College football notebook

Miami scandal may force change

Associated Press / August 18, 2011

E-mail this article

Invalid E-mail address
Invalid E-mail address

Sending your article

Your article has been sent.

Text size +

With investigators five months into checking allegations that a Ponzi scheme artist spent freely on University of Miami athletes, the NCAA president said yesterday that if the claims are confirmed they show the need for “fundamental change’’ in college sports.

Former Hurricanes booster Nevin Shapiro, serving 20 years in federal prison, claims he provided players with cash, prostitutes, cars and other gifts from 2002 to 2010. Shapiro told Yahoo! Sports that 72 football players and other athletes at Miami received improper benefits from him in the past decade.

“If the assertions are true, the alleged conduct at the University of Miami is an illustration of the need for serious and fundamental change in many critical aspects of college sports,’’ NCAA president Mark Emmert said in a statement.

The Hurricanes’ football team practiced yesterday, even though Shapiro’s claims involve several current players. Coach Al Golden said it was too soon to take disciplinary action. His team opens the season Sept. 5 against Maryland.

Last week, Emmert led a group of university presidents in drafting an outline for change in college sports. The group included Miami president Donna Shalala.

“The serious threats to the integrity of college sports are one of the key reasons why I called together more than 50 presidents and chancellors last week to drive substantive changes to Division I intercollegiate athletics,’’ Emmert said in his statement.

In the past 18 months, the football teams at Southern California, Ohio State, Auburn, Oregon, Michigan, North Carolina, Georgia Tech and LSU each have been investigated or sanctioned by the NCAA.

Shalala said she was upset, disheartened and saddened by Shapiro’s allegations.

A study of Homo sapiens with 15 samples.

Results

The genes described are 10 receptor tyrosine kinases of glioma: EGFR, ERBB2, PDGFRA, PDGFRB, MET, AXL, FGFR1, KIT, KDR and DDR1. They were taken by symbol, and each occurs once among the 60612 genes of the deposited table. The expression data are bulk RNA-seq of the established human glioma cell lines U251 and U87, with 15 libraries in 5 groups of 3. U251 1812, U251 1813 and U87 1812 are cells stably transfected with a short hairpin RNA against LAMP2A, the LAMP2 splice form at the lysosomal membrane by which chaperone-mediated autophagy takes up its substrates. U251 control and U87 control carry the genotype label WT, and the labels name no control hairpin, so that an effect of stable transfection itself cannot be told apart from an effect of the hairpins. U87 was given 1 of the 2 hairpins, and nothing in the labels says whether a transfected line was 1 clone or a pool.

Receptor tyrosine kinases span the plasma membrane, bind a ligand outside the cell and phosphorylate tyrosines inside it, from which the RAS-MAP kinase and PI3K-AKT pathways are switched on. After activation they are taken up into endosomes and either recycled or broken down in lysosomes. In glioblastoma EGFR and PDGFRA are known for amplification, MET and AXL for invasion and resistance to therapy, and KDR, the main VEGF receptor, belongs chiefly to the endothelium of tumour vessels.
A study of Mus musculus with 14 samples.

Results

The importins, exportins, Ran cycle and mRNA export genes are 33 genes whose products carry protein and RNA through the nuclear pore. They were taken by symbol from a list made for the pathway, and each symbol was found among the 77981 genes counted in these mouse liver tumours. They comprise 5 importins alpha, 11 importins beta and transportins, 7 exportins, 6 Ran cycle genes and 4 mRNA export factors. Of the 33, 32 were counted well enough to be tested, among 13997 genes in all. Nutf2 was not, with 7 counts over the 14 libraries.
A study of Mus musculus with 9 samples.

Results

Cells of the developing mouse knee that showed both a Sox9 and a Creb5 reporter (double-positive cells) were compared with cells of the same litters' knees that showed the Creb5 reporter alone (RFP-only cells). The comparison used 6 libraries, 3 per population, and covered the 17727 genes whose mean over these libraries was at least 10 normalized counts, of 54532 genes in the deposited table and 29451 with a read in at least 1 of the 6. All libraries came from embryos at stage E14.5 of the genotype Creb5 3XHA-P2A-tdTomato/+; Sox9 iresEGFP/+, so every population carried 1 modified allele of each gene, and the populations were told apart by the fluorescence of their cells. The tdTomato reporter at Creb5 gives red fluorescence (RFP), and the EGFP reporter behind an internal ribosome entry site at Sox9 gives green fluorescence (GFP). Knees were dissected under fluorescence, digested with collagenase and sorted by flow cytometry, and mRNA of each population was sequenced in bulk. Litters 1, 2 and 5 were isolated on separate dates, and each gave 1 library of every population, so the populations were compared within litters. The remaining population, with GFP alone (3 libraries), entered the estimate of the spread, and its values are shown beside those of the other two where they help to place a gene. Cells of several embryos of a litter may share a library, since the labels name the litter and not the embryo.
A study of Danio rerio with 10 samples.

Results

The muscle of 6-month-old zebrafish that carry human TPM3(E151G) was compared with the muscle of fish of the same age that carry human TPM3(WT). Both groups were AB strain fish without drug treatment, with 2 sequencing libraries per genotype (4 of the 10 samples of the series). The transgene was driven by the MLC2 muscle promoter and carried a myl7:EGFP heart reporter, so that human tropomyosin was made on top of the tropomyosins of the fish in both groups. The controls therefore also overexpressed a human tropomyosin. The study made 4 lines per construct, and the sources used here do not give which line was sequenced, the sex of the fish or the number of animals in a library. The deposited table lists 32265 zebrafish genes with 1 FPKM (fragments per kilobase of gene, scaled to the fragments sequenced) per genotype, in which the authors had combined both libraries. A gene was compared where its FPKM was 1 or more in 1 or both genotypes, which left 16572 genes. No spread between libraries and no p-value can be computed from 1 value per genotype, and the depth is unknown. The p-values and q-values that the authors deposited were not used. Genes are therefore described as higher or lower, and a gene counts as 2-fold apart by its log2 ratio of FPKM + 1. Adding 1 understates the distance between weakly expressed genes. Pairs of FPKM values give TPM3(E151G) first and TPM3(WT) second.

“We will vigorously pursue the truth, wherever that path may lead, and I have insisted upon complete, honest and transparent cooperation with the NCAA from our staff and students,’’ Shalala said in a statement.

Shapiro was sentenced to prison in June for masterminding a $930 million Ponzi scheme, plus ordered to pay more than $82 million in restitution to investors. He gave 100 hours of jailhouse interviews to Yahoo! Sports, the website reported.

NCAA investigators were on the Miami campus this week and have interviewed Shalala and Shawn Eichorst, who was hired as athletic director in April to replace Kirby Hocutt. Golden, who is in his first year as Miami’s coach after Randy Shannon was fired, said he’s eager to obtain answers quickly.

“If they were exposed to Mr. Shapiro, clearly we have to make sure we prevent that going forward,’’ Golden said. “We want to make sure it never happens again. It shouldn’t happen.’’

Central Florida probed Central Florida received a letter of inquiry from the NCAA, alerting it to an investigation into its football and men’s basketball programs. The letter came after an article in The New York Times in April detailed how Ken Caldwell, a convicted felon with ties to a sports agency, helped recruit players to the university . . . Several Southeastern Athletic Conference athletic directors declined any comment about possible expansion of the league. Reports continue to swirl this week about Texas A&M possibly becoming the conference’s 13th member.